Corporate pilot loved his career in the air

FINDLAY - Jerome Patrick Kriegel, a pilot whose love of flying kept him in the air until the week he died, died Tuesday in the Blanchard Valley Regional Health Center in Findlay. He was 57.

Mr. Kriegel died of a heart attack, family members said.

Born in Bradford, Penn., Mr. Kriegel graduated from Bradford Central Christian High School and then attended the University of Dayton, where he received a bachelor's degree in business administration in 1969.

But rather than pursue a career in business, Mr. Kriegel enlisted in the U.S. Navy during the middle of the Vietnam War. The military would lead him to his life's passion: flying.

"That's when he started flying. They took him up in an airplane, and he never looked back," said his wife, Francene Kriegel. "He loved it so much."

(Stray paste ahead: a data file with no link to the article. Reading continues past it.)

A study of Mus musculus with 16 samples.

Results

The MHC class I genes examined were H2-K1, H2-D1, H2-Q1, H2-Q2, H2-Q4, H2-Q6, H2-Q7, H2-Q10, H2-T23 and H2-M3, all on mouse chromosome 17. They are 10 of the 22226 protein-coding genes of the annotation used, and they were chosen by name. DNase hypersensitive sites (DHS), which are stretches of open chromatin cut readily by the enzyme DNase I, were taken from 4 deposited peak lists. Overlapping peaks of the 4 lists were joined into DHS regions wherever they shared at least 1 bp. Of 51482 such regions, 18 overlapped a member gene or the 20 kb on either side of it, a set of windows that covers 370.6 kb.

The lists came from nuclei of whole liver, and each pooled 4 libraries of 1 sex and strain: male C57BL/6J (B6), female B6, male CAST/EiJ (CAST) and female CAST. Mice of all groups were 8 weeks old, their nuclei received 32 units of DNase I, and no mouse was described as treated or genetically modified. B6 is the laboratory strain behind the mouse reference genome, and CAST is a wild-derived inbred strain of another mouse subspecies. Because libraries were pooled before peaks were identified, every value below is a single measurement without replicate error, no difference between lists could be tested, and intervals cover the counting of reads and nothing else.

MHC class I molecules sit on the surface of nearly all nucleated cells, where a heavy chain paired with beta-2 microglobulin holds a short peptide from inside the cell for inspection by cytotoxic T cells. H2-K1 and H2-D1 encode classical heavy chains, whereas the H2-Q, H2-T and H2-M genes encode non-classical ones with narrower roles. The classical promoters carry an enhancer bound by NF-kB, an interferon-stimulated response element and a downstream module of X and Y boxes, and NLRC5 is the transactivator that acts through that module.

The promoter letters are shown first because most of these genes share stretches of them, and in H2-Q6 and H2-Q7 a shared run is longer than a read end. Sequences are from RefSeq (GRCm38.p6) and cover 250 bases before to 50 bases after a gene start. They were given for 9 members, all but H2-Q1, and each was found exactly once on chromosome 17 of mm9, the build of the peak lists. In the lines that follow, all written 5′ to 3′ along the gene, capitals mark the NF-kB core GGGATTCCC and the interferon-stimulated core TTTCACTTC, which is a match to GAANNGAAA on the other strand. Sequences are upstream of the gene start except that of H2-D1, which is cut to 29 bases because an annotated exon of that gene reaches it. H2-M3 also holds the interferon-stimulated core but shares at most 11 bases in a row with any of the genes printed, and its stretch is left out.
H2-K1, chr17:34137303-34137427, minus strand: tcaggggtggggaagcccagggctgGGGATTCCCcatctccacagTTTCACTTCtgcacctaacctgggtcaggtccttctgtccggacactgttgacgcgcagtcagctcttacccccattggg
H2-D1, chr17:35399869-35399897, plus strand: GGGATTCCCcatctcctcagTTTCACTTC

Mr. Kriegel learned to fly at the Pensacola Naval Air Station in Florida, and later was stationed in San Diego and Corpus Christi, Texas, serving both as a flight trainer and submarine spotter on two separate aircraft carriers: the USS Ticonderoga and the USS Kitty Hawk.

In 1978, Mr. Kriegel left the Navy as a lieutenant and returned to Ohio.

He stuck with the first job he found, as a corporate pilot for Marathon Oil Co. in Findlay, where he operated Cessna Citations, Lockheed Martin Jetstars, and British Aerospace Hawkers - a job he held until the day he died.

In total, Mr. Kriegel flew 11,000 hours in his lifetime, and would often proudly show his family the planes he flew.

"He used to take all of us to the airport all the time to see the planes; he always warned us about candy in the backseat," his daughter, Alison, said.

"He loved it so much he never retired."

Mr. Kriegel was a member of St. Michael the Archangel Catholic Church in Findlay.

Surviving are his wife, Francene, and daughter, Alison.

Visitation will be after 2 p.m. Monday at the Coldren-Crates Funeral Home, Findlay. Services will be at 11 a.m. Tuesday at St. Michael the Archangel Catholic Church.

The family suggests tributes to the St. Michael Building Fund or the University of Notre Dame Development Department, in care of Carol Hennion.